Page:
Banner Banner

Leila Arras


Fraunhofer-Institut für Nachrichtentechnik, Heinrich-Hertz-Institut

Einsteinufer 37, 10587 Berlin

Leila Arras Bifold researcher
©Leila Arras

Leila Arras

Doctoral Researcher

Leila Arras is currently a research associate at the Fraunhofer Heinrich Hertz Institute in the research group of explainable artificial intelligence within the department of artificial intelligence, and member of the BIFOLD graduate school. Among her qualifications she previously earned a M.Sc. in computer science with distinction from the Technical University Berlin with a specialization in machine learning and scalable data science. Her research interests include machine learning, neural networks, interpretability and their application to natural language processing and computer vision. As a researcher she enjoys diving deep into the inner workings of neural networks and developing new methods to render artificial intelligence models more transparent. So far she has been working on broadening the scope of explainable artificial intelligence (XAI) to novel tasks and models, in particular through extending XAI methods to recurrent neural networks for the processing of sequential data. Besides she proposed new quantitative evaluation approaches for the objective assessment and comparison of XAI methods. In a recent collaboration she focused on decomposing probabilistic predictions from a neural network model to identify combinations of potential causes increasing the risk of an outcome.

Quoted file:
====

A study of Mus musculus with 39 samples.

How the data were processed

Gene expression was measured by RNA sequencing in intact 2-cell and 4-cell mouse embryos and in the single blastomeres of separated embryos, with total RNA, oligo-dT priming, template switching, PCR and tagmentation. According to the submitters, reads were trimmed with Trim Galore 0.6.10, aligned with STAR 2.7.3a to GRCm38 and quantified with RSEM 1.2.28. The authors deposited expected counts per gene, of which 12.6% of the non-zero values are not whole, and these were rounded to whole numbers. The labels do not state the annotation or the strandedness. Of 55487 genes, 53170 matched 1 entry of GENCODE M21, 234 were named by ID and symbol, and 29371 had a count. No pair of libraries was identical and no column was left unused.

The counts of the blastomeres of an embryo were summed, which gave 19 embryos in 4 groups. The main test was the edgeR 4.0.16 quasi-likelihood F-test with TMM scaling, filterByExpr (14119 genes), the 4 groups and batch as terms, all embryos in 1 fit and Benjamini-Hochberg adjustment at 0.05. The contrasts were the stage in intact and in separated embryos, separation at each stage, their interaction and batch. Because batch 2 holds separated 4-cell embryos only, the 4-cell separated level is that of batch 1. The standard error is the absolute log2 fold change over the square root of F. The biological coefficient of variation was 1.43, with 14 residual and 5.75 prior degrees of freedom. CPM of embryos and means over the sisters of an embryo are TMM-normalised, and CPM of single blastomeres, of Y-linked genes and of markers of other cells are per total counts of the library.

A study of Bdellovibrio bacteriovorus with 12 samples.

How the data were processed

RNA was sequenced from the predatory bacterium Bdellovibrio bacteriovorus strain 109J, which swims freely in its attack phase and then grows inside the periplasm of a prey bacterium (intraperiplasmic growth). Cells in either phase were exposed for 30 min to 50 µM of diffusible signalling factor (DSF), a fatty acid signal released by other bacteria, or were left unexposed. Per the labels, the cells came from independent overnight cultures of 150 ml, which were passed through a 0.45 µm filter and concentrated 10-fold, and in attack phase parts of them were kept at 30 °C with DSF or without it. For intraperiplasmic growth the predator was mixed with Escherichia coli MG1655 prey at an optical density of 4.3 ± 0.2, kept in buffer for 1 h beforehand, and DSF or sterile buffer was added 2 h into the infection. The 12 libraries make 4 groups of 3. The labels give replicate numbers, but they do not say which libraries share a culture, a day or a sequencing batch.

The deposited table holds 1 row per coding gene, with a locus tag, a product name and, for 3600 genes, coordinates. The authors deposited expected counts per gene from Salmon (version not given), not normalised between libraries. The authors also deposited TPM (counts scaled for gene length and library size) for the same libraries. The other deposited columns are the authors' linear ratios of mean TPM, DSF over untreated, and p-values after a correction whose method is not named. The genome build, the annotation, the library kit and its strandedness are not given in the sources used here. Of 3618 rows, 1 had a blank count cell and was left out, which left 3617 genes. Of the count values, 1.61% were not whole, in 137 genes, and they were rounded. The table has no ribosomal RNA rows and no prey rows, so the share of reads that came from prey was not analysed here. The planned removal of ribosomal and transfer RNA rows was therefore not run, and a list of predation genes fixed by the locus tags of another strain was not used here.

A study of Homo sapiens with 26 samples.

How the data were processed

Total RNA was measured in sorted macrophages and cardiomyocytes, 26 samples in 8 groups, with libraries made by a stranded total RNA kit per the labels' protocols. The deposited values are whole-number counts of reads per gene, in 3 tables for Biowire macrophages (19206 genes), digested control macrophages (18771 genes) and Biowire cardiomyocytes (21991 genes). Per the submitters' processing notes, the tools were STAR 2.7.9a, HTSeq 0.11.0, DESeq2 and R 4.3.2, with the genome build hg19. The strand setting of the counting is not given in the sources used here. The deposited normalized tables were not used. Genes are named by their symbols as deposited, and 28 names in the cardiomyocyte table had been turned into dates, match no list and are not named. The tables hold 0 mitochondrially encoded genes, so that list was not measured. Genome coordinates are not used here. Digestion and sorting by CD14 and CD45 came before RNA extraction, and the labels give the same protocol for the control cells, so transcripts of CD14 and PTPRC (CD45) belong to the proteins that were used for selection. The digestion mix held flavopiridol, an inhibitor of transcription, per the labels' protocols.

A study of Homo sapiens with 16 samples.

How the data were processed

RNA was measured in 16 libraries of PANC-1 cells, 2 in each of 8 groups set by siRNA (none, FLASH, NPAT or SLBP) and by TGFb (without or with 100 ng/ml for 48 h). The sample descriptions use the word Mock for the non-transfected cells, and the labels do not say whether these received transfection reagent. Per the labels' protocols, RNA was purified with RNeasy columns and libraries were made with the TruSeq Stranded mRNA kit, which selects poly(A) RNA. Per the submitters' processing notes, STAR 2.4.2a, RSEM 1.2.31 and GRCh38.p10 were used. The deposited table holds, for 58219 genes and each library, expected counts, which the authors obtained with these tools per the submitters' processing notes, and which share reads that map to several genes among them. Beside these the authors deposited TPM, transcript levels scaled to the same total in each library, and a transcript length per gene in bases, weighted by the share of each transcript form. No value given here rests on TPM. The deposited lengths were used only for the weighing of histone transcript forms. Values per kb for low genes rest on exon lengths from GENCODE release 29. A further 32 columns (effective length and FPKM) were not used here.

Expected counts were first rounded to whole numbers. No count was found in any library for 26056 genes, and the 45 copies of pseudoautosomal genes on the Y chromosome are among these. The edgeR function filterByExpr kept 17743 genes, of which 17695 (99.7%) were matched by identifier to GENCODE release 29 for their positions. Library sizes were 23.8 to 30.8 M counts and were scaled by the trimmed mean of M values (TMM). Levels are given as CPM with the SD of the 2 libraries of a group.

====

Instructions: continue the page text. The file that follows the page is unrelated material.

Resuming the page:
Research project: “Explaining Artificial Neural Network Predictions: Extension and Evaluation” 

  • Machine Learning
  • Neural Networks
  • Explainable Artificial Intelligence
  • Natural Language Processing
  • Visual Reasoning

Explainable AI| Aug 20, 2023

Gazing into the Black Box AI

Experts from Fraunhofer HHI and BIFOLD showcased an AI-assisted image evaluation technique at the BMBF Open Day. The demonstration gave an example of how Artificial Intelligence arrives at its decisions and sparked a dialogue on Explainable AI between professionals and attendees. Thanks to everyone who joined us in Berlin.

Machine Learning| Jun 29, 2022

The shared scientific identity of Europe

The project Sphere: Knowledge System Evolution and the Shared Scientific Identity of Europe is one of the leading Digital Humanities projects, exploring a large corpus of more than 350 book editions about geocentric cosmology and astronomy from the early days of printing between the 15th and the 17th centuries (Sphaera Corpus) for about 76.000 pages of material. The relatively large size of this humanities dataset presents a challenge to traditional historical approaches, but provides a great opportunity to computationally explore such a large collection of books. In this regard, the Sphere project is an incubator of multiple Digital Humanities (DH) approaches aimed at answering various questions about the corpus, with the ultimate objective to understand the evolution and transmission of knowledge in the early modern period.